Other reviewers have already discussed the plot so I won't repeat that: this is undoubtedly, as others have said, an intelligent novel which engages with big themes: most prominent are the issue of religious faith vs. scientific knowledge, and the interrogation of what it means to be a man. One of the problems, however, for me, was that the two themes remain separate rather than ever fusing and so the book felt unbalanced and a little episodic rather than becoming an organic whole.
For me this is overwhelmingly a book about masculine experience: about war, about the bonds between men whether father-son relationships, male friendships or male rivalry. When I say it asks questions about what it means to be a man I mean that quite literally: this seems a very gendered narrative that probes masculinity not humanity. So Daniel compares himself, for example, to other people who `act like a man' in a crisis; Nancy accuses him of not being `a man'; his father berates himself for not having taught him `how to be a man'; Daniel also watches a TV programme of a sperm swimming to fertilise an egg and equates it to himself swimming after the plane crash. The margins of masculinity are also questioned in the figures of Dan's gay best friend who has the physique of a macho rugby player; and the effemininity of his heroic grandfather who wears silk underwear and dresses up as a woman. In the text to show courage is, literally, `to be a man': and perhaps this is one of the reasons that Nancy's experience during the crisis is not explored.
This is all really interesting stuff (if not exactly original) but it sits rather oddly with the debate about religion vs. Darwinism and the scattering throughout the narrative of possible religious visions of guardian angels. And the Muslim terrorism plot just seems added in because any intelligent contemporary novel can't avoid it.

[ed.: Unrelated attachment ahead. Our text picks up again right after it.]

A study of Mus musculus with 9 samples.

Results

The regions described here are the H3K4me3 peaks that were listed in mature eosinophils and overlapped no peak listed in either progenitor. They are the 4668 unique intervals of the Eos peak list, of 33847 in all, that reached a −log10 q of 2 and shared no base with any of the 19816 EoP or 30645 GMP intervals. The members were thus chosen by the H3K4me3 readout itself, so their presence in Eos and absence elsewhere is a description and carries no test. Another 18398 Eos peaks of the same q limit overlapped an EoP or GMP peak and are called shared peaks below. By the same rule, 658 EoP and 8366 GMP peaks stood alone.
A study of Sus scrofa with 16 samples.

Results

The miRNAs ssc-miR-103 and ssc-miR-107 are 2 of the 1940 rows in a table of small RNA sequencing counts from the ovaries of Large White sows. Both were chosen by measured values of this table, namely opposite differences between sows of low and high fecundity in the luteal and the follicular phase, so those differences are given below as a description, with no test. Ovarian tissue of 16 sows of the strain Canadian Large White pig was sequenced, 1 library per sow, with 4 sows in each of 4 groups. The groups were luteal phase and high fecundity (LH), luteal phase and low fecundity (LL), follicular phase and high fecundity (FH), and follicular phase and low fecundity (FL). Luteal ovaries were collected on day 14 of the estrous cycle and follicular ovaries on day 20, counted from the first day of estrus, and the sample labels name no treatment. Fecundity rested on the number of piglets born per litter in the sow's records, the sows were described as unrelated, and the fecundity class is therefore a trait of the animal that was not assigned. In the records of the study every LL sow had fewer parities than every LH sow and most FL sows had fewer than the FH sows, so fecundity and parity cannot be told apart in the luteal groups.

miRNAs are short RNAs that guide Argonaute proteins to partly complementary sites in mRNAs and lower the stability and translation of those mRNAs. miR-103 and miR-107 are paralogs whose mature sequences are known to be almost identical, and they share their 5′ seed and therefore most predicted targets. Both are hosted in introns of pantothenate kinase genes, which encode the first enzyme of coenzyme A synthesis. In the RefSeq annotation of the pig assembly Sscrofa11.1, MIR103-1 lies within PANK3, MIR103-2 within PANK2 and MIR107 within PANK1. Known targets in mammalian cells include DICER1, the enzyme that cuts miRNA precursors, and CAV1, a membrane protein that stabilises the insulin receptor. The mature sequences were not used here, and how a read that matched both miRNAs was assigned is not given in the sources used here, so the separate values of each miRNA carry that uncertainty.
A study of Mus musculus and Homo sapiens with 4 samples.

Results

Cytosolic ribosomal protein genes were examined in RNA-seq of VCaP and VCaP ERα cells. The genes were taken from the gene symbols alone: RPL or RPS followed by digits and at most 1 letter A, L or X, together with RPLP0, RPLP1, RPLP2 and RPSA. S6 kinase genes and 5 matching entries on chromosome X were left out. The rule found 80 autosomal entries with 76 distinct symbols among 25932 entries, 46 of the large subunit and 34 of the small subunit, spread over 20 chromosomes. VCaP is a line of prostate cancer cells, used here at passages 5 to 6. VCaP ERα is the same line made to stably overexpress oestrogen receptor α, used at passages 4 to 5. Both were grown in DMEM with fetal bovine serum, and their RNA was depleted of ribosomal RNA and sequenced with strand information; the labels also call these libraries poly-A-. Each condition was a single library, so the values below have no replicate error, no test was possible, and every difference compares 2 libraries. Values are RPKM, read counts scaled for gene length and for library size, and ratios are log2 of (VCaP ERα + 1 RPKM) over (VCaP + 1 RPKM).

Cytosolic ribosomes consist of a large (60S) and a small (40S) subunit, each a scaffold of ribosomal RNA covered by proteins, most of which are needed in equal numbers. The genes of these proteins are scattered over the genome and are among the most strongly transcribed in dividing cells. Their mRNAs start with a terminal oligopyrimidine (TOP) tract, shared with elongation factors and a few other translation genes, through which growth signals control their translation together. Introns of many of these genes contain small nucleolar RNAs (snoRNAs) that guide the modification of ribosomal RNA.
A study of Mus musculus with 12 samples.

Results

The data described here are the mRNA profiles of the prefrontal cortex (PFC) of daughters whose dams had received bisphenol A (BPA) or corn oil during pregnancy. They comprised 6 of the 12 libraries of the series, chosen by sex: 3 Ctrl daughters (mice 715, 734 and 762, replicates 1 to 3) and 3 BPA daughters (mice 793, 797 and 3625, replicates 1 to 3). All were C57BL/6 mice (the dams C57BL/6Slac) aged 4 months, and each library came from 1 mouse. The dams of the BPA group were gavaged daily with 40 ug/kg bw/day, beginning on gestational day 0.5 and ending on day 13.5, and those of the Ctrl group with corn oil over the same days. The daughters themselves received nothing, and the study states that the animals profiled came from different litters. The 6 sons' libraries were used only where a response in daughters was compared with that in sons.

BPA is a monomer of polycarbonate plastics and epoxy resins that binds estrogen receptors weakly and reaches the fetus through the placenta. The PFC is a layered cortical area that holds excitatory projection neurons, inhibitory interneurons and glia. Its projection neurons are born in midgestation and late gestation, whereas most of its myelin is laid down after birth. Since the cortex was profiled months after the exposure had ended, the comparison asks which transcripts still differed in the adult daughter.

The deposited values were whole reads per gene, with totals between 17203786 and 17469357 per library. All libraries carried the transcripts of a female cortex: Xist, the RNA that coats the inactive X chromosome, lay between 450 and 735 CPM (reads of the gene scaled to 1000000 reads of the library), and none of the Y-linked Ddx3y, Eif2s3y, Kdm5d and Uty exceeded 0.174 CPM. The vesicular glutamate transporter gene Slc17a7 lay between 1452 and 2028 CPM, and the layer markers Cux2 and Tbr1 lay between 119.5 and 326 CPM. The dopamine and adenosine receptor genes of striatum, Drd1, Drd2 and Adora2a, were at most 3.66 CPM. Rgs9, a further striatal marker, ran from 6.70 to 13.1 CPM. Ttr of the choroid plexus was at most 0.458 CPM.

Overall I found this quite an uneven and sometimes erratic read: the beginning, as others have remarked, is stilted and awkward with very unnatural dialogue. The cramming together of all the plotlines is also somewhat clumsy and there are gaps and holes in the narrative as if chunks have been cut out in order to fit a word limit. Characters, too, are not always coherent: Wetherby doesn't sound like an academic born in 1960 and the tired cliché of professor exploiting the sexual naivete of students is overworked. The 8-year old daughter also sounds all wrong for a child, and the product placement very irritating (no-one answers a phone, only an iphone). The academic milieu is also laughably inaccurate. And I seriously doubted Daniel's intelligence when he applies Darwinian theory to the evolution of social and cultural institutions. The ending feels very hurried and left me feeling unsatisfied, perhaps because there's just too much going on and it all suddenly rushes to a close.
But despite all my caveats this is an interesting and intelligent read even if it is not a completely coherent one. I suspect it would have been better with another good edit with a ruthless red pen, and simplifying the narrative strands would have led to a more unified text. But still thought-provoking and definitely worth a read.